Companies report their financial position on the balance sheet. The balance sheet presents a picture of the company's assets, liabilities and owner's equity balances as of a particular date. It normally takes a business several weeks to determine the account balances as of the closing date of the period. This time allows the company to identify and record any transactions not already included. Understanding the liabilities reported on the balance sheet provides several benefits to financial statement reviewers.
Liabilities represent any obligation the company owes to another entity. The balance sheet classifies liabilities into two categories, current liabilities and long term debt. Current liabilities refer to any money, product or service owed that the company needs to pay within one year. Examples of current liabilities include accounts payable. These accounts will be paid out of the company's financial resources or by providing the agreed upon service. Long term debt refers to money owed whose repayment extends beyond one year. Examples of long term debt include bonds payable or notes payable.
The foundation of the balance sheet rests with the accounting equation. The accounting equation tallies up the account balances of the company's financial records and ensures they balance. The assets must equal the liabilities plus the owner's equity. Liabilities form an important segment of the balance sheet and the accounting equation because of the impact these accounts have on owner's equity. The greater the total liabilities, the lower the owner's equity.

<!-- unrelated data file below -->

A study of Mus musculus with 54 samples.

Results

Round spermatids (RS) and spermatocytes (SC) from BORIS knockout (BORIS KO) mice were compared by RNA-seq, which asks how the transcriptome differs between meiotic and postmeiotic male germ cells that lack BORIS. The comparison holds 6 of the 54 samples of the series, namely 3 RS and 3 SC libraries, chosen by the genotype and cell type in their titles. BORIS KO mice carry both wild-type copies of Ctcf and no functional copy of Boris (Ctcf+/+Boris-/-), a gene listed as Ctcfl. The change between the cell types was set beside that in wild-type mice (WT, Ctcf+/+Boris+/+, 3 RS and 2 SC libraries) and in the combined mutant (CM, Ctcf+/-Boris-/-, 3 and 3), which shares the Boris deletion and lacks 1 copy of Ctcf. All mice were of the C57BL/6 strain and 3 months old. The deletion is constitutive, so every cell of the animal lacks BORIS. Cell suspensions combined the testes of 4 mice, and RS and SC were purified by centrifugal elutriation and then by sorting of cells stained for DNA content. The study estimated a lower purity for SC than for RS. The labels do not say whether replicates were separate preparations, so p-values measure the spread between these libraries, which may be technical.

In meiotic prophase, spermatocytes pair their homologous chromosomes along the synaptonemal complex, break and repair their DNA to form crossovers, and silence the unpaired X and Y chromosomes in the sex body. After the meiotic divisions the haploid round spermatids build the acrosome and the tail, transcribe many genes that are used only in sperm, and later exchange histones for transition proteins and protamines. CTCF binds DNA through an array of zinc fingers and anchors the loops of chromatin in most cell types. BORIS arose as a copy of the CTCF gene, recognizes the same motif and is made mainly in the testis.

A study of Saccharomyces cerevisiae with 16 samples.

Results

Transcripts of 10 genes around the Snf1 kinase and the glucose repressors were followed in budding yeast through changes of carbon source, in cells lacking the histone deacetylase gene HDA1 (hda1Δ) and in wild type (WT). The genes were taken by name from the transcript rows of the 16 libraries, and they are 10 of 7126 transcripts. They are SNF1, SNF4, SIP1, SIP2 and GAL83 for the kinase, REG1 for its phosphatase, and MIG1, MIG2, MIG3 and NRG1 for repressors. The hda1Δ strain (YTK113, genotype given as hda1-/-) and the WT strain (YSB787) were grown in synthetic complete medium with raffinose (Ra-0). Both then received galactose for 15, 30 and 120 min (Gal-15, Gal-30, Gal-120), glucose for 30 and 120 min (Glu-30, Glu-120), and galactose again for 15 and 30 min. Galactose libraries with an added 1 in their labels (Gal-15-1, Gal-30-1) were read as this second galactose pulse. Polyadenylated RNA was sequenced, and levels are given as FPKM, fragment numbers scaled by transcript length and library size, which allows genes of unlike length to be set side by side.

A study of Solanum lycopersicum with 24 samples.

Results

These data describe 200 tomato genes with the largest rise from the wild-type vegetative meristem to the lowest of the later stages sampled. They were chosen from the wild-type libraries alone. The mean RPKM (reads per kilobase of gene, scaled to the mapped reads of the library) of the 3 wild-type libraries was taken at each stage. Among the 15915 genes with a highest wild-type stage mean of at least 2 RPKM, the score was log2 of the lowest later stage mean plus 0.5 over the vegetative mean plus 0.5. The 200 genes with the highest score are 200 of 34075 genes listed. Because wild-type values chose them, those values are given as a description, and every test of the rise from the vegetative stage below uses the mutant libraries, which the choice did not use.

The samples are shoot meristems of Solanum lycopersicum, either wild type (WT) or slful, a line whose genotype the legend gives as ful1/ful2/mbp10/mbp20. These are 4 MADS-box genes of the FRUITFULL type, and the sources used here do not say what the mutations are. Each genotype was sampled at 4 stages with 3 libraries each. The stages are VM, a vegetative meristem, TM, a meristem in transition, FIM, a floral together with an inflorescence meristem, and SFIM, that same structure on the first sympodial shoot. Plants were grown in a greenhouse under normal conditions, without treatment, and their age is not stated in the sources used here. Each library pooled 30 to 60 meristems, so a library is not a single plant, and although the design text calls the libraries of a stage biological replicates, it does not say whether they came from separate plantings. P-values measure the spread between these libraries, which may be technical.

Understanding Financial Obligations
Understanding the liabilities of the company allows financial statement reviewers to determine how well the company manages its debts. Too much debt means the company needs to make increasingly high debt payments to creditors. Long term debt communicates the company's future debt payment obligations.
Calculating Financial Ratios
Several financial ratios exist that consider the impact of the liabilities. The current ratio subtracts the current liabilities from the current assets. This ratio communicates the company's position for meeting its current financial obligations. When the current ratio equals a number less than one, the company has fewer current assets available than it has obligations to meet. Higher numbers represent the company's stronger ability to meet its obligations. The debt to equity ratio calculates the company's ability to meet its financial needs by borrowing money or by seeking investments. Strong companies balance financial needs between these two methods of financing, rather than relying heavily on one method or the other.